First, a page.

Editorial: The time is now to urge gun control

Wednesday, October 04, 2017

The statistics are horrifying. According to the New York Times, there have been 521 mass shootings, instances in which four or more people have been killed or injured while in the same place, in the past 477 days. The death toll, as of Tuesday, from the ambush of Las Vegas concertgoers by 64-year-old Stephen Paddock was 59. More than 500 people were wounded. It was the worst mass shooting in American history. If nothing changes, that record will be broken by another heavily armed person with a twisted mind.

No motive has emerged to explain why Paddock, a wealthy white retiree with no criminal record, decided to kill as many people as he could before taking his own life. Mass murderers typically share some characteristics, but no one thing seems to explain the actions of any of them. There is, however, a common denominator in each case – a gun, or in Paddock’s case, 49 guns. Some of them were equipped with a special bump stock, available online for $99 in one ad, that turns a semi-automatic assault rifle into the equivalent of a fully automatic weapon.

Some have argued that now is the time to focus on the victims and their families. “Save talk about gun control for later,” they say. They’re wrong. Now, more than ever, is the time, before people who place the Second Amendment above the right to life weaken existing – and already inadequate – firearms legislation.

When Paddock checked into a suite on the 32nd floor of the Mandalay Bay hotel last week, bills before Congress – sponsored by Republicans of course – called for easing federal restrictions on the ownership of gun silencers and making armor-piercing bullets more readily available. Another bill would require every state to recognize the concealed-carry standards of any other state – so New Hampshire residents, thanks to a new law passed this year, wouldn’t need a license to carry a concealed weapon even in strict gun-control states like Massachusetts and New York.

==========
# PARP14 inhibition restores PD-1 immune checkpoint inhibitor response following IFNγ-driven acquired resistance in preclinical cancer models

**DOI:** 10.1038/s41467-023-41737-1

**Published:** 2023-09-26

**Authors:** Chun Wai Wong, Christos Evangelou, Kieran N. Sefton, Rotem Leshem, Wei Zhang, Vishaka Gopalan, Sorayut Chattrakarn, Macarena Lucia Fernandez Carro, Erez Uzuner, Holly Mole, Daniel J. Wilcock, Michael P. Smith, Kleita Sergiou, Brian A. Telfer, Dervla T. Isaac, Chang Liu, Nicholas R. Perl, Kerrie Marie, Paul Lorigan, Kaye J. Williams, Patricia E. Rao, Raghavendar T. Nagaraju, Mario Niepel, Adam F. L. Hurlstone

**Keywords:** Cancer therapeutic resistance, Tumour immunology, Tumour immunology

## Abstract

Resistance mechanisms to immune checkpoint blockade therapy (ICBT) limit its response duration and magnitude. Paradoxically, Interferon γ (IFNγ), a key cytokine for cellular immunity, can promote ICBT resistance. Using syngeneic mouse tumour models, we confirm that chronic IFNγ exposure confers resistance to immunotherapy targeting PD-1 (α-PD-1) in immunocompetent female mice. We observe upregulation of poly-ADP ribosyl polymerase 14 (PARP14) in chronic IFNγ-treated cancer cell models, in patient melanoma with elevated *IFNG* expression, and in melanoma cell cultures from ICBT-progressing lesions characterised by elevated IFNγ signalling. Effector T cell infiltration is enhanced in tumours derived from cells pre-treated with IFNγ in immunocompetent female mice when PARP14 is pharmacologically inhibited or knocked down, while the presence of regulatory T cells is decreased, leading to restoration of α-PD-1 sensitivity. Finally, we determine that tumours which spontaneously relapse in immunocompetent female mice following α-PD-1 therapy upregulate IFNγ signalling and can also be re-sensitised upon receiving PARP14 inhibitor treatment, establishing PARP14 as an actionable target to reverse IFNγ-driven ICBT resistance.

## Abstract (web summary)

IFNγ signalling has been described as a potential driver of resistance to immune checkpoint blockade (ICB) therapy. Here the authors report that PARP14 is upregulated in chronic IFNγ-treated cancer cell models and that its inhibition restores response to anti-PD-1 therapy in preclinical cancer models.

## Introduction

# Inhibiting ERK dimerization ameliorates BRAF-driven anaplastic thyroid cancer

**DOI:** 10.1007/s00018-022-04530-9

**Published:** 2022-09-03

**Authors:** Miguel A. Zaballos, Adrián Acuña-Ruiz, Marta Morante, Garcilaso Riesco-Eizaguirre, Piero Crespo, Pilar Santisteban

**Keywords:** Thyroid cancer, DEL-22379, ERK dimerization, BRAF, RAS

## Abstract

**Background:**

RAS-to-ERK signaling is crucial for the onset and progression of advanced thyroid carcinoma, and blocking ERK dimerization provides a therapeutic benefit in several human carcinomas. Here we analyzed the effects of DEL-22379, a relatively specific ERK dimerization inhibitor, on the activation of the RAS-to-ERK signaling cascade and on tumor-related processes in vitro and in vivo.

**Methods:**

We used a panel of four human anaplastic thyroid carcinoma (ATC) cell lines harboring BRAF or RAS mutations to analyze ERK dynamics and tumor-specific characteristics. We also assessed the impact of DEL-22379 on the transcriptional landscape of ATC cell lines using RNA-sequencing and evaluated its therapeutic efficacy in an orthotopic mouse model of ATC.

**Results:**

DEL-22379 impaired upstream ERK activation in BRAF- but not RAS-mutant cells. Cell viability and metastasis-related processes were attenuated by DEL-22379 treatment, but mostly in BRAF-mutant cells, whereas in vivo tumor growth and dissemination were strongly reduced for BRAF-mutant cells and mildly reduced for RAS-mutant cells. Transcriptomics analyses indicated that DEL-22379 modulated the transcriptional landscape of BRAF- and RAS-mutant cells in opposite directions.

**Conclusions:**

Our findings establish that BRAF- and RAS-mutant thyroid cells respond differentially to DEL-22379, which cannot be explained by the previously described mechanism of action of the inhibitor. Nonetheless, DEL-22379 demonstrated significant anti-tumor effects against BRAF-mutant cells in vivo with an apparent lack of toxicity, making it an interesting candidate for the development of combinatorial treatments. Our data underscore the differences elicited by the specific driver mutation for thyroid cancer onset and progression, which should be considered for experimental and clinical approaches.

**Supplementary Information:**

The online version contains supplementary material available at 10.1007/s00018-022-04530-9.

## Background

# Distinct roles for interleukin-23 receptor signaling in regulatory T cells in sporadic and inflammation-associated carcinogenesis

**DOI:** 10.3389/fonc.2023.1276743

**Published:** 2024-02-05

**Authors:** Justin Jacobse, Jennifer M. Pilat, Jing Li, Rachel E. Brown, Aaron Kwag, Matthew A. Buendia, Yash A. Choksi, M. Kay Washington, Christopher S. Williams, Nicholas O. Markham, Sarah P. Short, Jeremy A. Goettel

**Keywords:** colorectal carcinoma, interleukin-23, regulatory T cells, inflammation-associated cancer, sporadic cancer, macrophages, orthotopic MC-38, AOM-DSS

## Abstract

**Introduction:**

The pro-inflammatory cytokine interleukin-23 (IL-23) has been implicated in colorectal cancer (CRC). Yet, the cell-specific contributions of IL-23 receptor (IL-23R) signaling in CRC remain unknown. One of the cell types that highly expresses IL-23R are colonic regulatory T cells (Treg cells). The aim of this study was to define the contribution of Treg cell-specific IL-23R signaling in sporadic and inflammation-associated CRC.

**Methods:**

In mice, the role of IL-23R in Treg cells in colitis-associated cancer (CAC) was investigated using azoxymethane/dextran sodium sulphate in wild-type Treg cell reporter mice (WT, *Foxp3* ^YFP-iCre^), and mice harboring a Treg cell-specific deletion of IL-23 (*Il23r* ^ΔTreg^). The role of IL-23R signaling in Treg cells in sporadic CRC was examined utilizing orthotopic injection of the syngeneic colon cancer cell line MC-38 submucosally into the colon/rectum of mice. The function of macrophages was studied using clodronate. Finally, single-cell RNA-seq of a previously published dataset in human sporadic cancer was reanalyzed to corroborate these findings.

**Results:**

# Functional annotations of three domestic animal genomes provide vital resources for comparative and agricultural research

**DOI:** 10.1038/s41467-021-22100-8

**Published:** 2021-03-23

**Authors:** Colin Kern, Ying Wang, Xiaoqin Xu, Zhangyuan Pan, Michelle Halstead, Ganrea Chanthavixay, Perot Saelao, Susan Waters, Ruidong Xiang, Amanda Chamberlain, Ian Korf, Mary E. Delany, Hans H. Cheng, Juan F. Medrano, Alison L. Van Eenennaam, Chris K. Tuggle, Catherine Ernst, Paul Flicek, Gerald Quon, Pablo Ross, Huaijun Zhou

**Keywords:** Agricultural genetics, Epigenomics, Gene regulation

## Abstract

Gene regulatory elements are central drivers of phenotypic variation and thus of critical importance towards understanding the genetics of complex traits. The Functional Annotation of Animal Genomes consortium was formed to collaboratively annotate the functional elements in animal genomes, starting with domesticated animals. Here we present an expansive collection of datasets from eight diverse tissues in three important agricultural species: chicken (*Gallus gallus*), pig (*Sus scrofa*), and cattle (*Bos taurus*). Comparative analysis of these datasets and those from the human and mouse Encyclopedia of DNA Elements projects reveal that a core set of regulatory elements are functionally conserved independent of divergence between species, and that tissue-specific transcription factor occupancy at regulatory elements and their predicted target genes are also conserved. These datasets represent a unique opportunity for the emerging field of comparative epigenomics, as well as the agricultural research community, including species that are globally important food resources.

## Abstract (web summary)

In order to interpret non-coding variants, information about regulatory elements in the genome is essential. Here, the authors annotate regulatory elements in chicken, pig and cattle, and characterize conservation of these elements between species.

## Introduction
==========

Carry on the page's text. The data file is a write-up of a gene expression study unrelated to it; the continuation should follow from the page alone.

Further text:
The National Rifle Association, which in the last two election cycles gave 99 percent of its campaign contributions to Republicans, dropped into its bunker not long after the firing stopped in Las Vegas. The group has yet to comment on the shootings and has not responded to press inquiries. It’s a safe bet the NRA will emerge when the first common-sense bill to regulate gun ownership is filed. We urge New Hampshire’s congressional delegation to do just that.

More guns and more people carrying them in public will not increase safety. Paddock was nearly a quarter-mile away and hundreds of feet above the flat killing field packed with 22,000 people. Many of them could have been carrying handguns, and it wouldn’t have mattered. What would matter would be prohibitions or severe restrictions on the ownership of magazines capable of holding more than say, a dozen rounds. So would a ban, if not on assault rifles then on the legal sale of stocks and kits that make them fully automatic.

What would matter is the institution of universal background checks before the purchase of a firearm and a ban on gun purchases by people with a history of stalking and domestic assault. Making access to mental health care quick and affordable would help.

Doing nothing, which is what Congress did after Columbine, Colo., 13 dead; Orlando, Fla., 49 dead; San Bernadino, Ca., 14 dead; Sandy Hook, Conn., 26 dead; Binghamton, N.Y., 14 dead; Virginia Tech, 32 dead – the list goes on and on, guaranteeing that the carnage won’t stop and that someone, somewhere, will break Paddock’s grim record.